37 percent of IT professionals said they would be looking for a new job in 2017, according to SpiceWorks 2017 Tech Career Outlook. Another study highlighted by Fast Company sited that workers who stay with the same job for more than two years get paid 50 percent less than those who look to advance.
Whether your current employer is underappreciating your skills or you just want to do something different, 2017 may be a good time to find a better IT job. Here are some of the best ways to go about doing just that.
Keep Working Hard
You want to leave your current job on a good note and on your own terms, so don't slack off while looking for your next opportunity. Everyone you know could be a referral source or a reference, so you never want to burn a bridge, no matter how much you want to move on.
Normally when looking for an IT job, it's wise to talk to as many colleagues as possible to ask for their help in identifying positions, but when you haven't left your current job, it can be detrimental to be open about your search. You can still network, but you may want to couch questions about job openings in the hypothetical or curious to avoid having word get back to your employer that you are looking to leave the company.
Ask Employers to Match Offers
If you do get an IT job offer at a higher salary and better benefits than your current job, you may want to bring it back to your employer to see if they will match or beat it, especially if you like your current job. It's important to factor in other aspects of the job like leadership opportunities and growth potential.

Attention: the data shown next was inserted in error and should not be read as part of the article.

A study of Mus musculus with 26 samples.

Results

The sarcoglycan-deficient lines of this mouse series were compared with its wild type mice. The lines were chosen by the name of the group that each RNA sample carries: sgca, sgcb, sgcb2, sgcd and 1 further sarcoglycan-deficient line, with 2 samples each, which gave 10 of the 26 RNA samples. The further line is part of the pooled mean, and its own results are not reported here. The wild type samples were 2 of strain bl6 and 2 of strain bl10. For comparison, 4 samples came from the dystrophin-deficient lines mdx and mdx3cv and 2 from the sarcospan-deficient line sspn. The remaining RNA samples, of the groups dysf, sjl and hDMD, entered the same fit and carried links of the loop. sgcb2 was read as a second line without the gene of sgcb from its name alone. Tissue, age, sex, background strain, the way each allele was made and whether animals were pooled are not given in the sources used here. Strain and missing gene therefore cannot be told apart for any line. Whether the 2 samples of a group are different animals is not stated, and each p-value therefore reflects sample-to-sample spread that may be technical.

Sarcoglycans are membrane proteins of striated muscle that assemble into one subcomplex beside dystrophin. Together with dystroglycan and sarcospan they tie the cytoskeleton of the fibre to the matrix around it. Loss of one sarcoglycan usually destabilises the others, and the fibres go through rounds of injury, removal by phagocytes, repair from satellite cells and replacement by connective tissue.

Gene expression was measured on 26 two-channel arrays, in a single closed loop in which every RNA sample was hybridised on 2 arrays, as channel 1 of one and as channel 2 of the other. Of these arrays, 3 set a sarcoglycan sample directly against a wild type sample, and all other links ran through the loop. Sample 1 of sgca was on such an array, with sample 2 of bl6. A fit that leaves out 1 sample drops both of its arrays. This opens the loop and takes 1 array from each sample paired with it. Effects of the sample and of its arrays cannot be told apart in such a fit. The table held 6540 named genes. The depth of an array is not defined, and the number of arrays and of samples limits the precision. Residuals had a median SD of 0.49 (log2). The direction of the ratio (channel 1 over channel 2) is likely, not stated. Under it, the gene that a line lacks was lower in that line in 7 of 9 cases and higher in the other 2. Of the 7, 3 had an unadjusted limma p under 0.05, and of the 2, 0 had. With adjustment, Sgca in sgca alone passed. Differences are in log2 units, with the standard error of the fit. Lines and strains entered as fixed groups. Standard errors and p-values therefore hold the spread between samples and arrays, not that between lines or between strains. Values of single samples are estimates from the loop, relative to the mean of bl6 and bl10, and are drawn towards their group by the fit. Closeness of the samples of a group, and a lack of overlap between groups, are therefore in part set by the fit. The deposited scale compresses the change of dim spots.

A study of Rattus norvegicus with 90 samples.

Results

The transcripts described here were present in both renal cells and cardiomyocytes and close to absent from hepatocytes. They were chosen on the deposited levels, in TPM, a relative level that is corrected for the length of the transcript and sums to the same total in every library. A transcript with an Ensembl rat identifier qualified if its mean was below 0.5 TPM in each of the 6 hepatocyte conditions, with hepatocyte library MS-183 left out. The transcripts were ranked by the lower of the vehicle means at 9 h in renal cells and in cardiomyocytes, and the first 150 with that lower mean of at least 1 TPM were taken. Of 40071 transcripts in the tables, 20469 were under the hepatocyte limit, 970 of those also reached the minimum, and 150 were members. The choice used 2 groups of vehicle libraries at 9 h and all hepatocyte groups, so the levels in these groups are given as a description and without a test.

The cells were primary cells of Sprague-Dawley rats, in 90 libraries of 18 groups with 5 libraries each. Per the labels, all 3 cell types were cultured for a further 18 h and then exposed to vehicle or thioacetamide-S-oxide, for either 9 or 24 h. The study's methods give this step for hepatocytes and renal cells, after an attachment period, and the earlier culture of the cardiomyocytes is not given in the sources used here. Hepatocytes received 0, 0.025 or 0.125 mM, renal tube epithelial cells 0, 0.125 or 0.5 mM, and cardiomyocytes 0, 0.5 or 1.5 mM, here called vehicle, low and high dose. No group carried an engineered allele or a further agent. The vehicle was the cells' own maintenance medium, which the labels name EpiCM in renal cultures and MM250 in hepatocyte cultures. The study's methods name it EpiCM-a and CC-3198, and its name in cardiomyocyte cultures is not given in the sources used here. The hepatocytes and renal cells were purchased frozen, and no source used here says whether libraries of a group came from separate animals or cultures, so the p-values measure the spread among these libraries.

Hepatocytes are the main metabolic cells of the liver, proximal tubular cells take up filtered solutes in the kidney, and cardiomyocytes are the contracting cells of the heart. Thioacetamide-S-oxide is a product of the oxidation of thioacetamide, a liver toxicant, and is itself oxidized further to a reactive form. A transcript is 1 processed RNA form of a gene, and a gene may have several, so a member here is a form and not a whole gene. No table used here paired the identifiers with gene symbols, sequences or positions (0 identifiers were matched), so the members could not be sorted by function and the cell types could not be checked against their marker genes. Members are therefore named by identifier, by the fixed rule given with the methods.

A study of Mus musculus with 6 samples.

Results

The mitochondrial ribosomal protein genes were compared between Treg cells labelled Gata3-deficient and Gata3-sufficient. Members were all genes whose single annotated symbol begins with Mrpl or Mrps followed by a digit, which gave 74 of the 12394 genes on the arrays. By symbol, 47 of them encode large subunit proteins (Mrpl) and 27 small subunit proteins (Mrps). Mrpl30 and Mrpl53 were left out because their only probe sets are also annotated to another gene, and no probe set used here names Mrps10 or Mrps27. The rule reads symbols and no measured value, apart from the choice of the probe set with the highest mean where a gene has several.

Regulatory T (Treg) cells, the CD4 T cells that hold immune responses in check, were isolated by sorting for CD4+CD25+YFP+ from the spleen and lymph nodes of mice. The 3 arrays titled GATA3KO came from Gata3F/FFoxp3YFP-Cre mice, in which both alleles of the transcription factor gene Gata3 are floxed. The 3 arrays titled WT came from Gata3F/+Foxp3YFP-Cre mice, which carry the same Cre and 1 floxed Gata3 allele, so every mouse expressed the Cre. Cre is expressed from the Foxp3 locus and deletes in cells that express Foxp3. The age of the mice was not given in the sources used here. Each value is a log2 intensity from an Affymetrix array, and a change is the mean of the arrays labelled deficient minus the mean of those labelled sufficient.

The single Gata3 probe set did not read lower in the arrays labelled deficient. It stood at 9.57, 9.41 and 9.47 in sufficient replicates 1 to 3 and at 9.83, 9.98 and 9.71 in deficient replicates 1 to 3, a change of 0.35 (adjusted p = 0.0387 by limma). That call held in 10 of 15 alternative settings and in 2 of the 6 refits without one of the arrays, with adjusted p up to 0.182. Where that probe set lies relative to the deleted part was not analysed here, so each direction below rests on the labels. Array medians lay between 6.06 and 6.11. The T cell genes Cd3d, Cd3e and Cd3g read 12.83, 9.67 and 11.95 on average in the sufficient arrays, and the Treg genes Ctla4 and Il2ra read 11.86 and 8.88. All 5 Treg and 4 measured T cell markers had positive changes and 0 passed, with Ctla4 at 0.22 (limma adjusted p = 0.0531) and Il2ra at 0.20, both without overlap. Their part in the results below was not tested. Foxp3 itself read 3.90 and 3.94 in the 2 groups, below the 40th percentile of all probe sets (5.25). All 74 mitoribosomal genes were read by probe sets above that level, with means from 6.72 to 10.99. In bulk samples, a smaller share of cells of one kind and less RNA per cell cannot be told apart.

Also, if you bring an offer to your employer, the cat will be out of the bag about your search, so be sure you're ready for that to happen. If your new job offer offers more than your current job, be sure your current employer will match everything about the job, not just salary. Otherwise, it may be time to move on.
Brush Up on Interview Skills
If it's been a while since you interviewed for a job, you may want to come up with some good answers to the usual questions like "What would you say is your biggest weakness?" There's an art to interviewing well, and you may need a practice session or two to get your skills back up to snuff.
Don't Bad-Mouth Your Current Employer
No matter what your reason for leaving your current job, don't bad-mouth your boss or the company in an interview. The negativity alone will leave a bad impression, and may lead to the new company passing you over for fear you will later do the same to them.